Mission Name Jebel Barkal, Mut Temple
    Mission No. QSAP 15b
    National Corporation for Antiquities and Museums (NCAM)
    Location Jebel Barkal, Northern State

    Funded by the QSAP and the Italian Ministry of Cultural Heritage and Tourism, the Mut Temple Conservation Project has so far focused on aspects linked to preventive conservation. This has involved setting up provisional measures to safeguard the temple’s vestibule (Chamber A), as well as scientific research and restoration work on the wall paintings in the main chamber (Chamber B).

    The temple was partly built into and partly excavated from the sandstone face beneath the pinnacle of Jebel Barkal. It was erected by King Taharqa in the 7th century BCE — at a time when the pharaohs of the Kushite dynasty ruled upper and lower Egypt — and dedicated to the goddess Mut, the wife of Amun, who took on the dual identity of the goddesses Hathor and Sekhmet. The temple of the Napatan era consists of a central hall flanked by two smaller chambers, with a vestibule that is accessed from an area marked by two rows of four columns — the hypostyle hall — and is preceded by a colonnaded portico. The structure reuses part of the colonnade of a pre-existing temple of Mut built during the New Kingdom (13th century BCE). The columns topped with ’Hathoric‘ capitals, still visible on the outside, and documented in sketches by several travellers and scholars who visited the site during the 19th century, are part of this structure.

    The American archaeologist George Reisner (1867–1942) carried out the first archeological investigation in the temple in 1919 (scheduled as building B300), after which provisional works were carried out to protect the vestibule with the reconstruction of the two walls marking the entrance.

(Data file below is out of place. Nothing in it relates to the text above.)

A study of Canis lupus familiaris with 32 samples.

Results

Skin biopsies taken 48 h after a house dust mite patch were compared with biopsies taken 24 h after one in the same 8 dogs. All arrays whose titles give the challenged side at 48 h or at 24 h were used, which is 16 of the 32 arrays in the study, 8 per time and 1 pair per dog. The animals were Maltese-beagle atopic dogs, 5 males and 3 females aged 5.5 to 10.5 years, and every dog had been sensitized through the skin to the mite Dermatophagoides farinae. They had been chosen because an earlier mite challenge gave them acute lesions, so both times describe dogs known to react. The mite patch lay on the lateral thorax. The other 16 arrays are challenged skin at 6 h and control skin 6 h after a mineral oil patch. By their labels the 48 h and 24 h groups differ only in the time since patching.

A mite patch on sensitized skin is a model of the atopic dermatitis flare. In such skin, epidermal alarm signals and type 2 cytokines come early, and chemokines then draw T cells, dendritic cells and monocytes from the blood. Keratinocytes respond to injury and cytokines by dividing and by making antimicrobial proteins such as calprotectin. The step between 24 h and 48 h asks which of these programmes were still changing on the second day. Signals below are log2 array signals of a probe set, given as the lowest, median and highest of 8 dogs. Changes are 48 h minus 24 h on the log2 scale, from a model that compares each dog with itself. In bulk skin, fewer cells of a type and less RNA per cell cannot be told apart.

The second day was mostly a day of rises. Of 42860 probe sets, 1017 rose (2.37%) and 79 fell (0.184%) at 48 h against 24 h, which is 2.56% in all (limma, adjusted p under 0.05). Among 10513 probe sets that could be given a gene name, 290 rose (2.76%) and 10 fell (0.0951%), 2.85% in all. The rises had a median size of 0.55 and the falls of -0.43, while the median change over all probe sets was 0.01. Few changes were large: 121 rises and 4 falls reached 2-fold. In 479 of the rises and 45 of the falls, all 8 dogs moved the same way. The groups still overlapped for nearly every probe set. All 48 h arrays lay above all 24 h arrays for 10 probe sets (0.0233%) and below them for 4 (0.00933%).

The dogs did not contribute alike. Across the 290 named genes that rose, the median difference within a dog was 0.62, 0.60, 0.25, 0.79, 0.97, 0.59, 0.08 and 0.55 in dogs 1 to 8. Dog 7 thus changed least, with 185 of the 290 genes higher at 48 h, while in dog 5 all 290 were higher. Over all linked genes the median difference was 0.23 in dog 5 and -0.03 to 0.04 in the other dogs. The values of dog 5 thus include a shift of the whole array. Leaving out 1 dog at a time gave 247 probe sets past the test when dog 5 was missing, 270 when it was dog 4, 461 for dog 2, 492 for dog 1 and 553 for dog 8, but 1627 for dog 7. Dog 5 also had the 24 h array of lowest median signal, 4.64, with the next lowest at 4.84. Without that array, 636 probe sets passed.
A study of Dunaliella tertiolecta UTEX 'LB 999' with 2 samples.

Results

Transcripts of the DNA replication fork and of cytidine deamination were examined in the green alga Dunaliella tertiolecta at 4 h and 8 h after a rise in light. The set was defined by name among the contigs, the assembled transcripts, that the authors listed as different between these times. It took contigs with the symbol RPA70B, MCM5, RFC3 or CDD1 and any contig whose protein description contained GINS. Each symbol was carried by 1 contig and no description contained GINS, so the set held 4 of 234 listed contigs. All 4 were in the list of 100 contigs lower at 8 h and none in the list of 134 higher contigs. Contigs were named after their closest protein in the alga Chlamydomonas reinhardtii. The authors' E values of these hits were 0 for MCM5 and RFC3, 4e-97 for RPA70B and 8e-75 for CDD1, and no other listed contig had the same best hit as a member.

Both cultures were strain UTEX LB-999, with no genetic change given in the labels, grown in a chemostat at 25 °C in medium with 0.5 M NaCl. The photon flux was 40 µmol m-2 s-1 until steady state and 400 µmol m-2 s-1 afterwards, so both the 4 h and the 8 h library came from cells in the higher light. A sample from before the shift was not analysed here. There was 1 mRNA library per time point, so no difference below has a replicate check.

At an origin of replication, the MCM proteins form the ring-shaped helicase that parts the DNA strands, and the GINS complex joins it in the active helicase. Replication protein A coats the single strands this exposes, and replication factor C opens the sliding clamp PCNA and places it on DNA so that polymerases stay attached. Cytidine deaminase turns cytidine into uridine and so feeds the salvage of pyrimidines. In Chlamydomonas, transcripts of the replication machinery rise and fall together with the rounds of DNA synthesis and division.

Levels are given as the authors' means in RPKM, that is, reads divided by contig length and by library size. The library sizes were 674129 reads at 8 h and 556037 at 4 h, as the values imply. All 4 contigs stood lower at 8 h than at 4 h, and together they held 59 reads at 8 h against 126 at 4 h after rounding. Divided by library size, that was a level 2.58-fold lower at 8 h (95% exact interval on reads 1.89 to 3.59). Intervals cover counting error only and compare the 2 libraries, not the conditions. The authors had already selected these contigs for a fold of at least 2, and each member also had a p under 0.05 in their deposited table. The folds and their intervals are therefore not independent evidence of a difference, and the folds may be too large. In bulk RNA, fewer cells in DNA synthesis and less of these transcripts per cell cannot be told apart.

So far, there have been four archeological campaigns conducted thanks to an agreement between the National Corporation of Antiquities and Museums (NCAM) of Sudan and the Institute for Conservation and Restoration, Rome, in the years 2014–17. In addition to establishing the methodology to be used for the restoration of the paintings, the following actions were undertaken during the campaigns: the restoration of wall paintings on the west and east sides of the main chamber; a new temporary covering on the vestibule as well as a new side access to limit climate exchange with the outside; establishing a static support system to safeguard the vestibule ceiling, much of which had collapsed; and finally, the displacement of some of the major collapsed blocks in the vestibule.

    At the same time, archaeological investigations were conducted on the original floor levels of the vestibule, which were covered by large collapsed blocks and ceiling rubble, as well as outside in the hypostyle hall, aimed at clarifying the relationship between the original plan and the bases of the columns.

    The restored paintings on the two walls depict mirror images of the pharaoh Taharqa handing offerings to Amun, followed by Mut, Khonsu and two other deities: Min and Horus on the west wall and Monthu and Thoth on the eastern wall. The figures are accompanied by hieroglyphic texts and are painted in yellow ochre and white kaolin with details in red ochre and black on a background painted in Egyptian blue. The scenes are framed at the top by decorative bands with spearhead motifs and small colored squares, like a chessboard. The paintings have been executed with a dry technique, a so called ‘tempera‘ on a thin layer of gypsum-based mortar, and one made of gypsum and kaolin. The figures were carved with a bas-relief technique in the main chamber; elsewhere, they were simply cut into the rock.